20 Apr 2018

Why I Don't Trust Steven Soderbergh

Trigger warning: this post mentions depression and suicide. There are also spoilers for Unsane (2018) and Side Effects (2013).
Director Steven Soderbergh released his new thriller Unsane to the public last month and was met with fairly positive reception across most platforms. The film follows a woman who is pursued by a stalker and becomes confined to a mental institution and has been called "engaging on a visual level", "fast-paced and well-acted", and "a tense, twist-filled, nightmarish flick." While the film boasts some impressive feats - including the fact it was filmed entirely on an iPhone - there's a large aspect of it that hasn't right with me and many others.

This film portrays them as unflinching, intimidating places where there is a real risk of harm and violence and control is completely taken away from you the moment you step through the door. Not only this, but it gives the impression that the main character absolutely cannot be trusted at all. I think this is the main problem I have with the film, because one of the biggest hurdles that mentally ill people face is that people think we’re untrustworthy, incapable of making our own decisions or might not be functioning at full capacity.
And yet, Unsane keeps the twists and turns coming for ‘entertainment’ value and I suppose that whilst it does attempt a unique style of direction (being shot on an iPhone 7) with different camera angles and a visual style I’ve never seen before, I didn’t feel like it gave me anything to care about and it just made me pity the character and her efforts to escape this nightmare that she is in.
This is a sentiment that was echoed elsewhere. Reviewer Hanna Flint felt the film "exploits the stigma of mental health and sexual harassment while failing to offer any meaningful contribution to either conversation."

For full disclosure, I haven't seen Unsane. However, this situation reminds me of Side Effects, an earlier film by Soderbergh that also included mental illness as a theme. After attempting suicide multiple times, Emily Taylor (played by Rooney Mara) is prescribed an experimental SSRI to help treat her depression. While the drug initially helps her, it also causes some unexpected side effects such as sleepwalking. This leads to her murdering her husband in her sleep. Although she is declared not guilty in court under her plead of insanity, the plot eventually unravels to the point where it is revealed Emily faked her depression and suicide as a way to kill her husband and get away with it.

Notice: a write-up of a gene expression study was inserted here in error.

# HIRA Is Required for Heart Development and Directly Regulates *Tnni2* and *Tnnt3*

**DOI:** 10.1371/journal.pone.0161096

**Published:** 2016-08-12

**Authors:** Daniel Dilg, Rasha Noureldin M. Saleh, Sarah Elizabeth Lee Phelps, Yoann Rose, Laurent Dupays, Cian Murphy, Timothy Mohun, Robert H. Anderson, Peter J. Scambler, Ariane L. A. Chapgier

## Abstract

While many people enjoyed this film - as its 83% Rotten Tomatoes score would suggest - I found it to be deeply upsetting in the way it portrayed antidepressants and treatment of mental illnesses. That the system could be manipulated in such a way as to give a murderer a free pass is disturbing in itself, but the fact that Soderbergh used this as a catalyst for his intense thriller feels cheap and damaging to those who are seeking help for their mental illness. While I think it could have been much, much worse, it still felt like an "outside looking in" approach to the subject.

Doctors made 64 million prescriptions of antidepressants in 2016, and I was on them myself last year. But there are always more people that need help, and the problem with Side Effects is that it seems Soderbergh was quietly pushing those people aside so he can portray mental health treatment as a thriller. I don't want to see more movies where our struggles are seen as "GASP PLOT TWISTS" or as a source of entertainment. To do so feels isolating and incredibly patronising. 

Instead, why can't we have more films that feel more inclusive towards those suffering with depression? Inside Llewyn Davis (2013) is a perfect example of portraying a true and accurate depiction of depression without being harmful. It's not nihilistic, nor does it fuel any detrimental stereotypes, instead it's about how we endure despite everything life throws at us and how we push on even when we hate everything we’re doing. It's quite a beautiful film in that regard and I wish there were more like it. Side Effects just feels lazy compared to that. The stigma is already bad enough, and that's why I don't trust Steven Soderbergh to make any more films about mental health.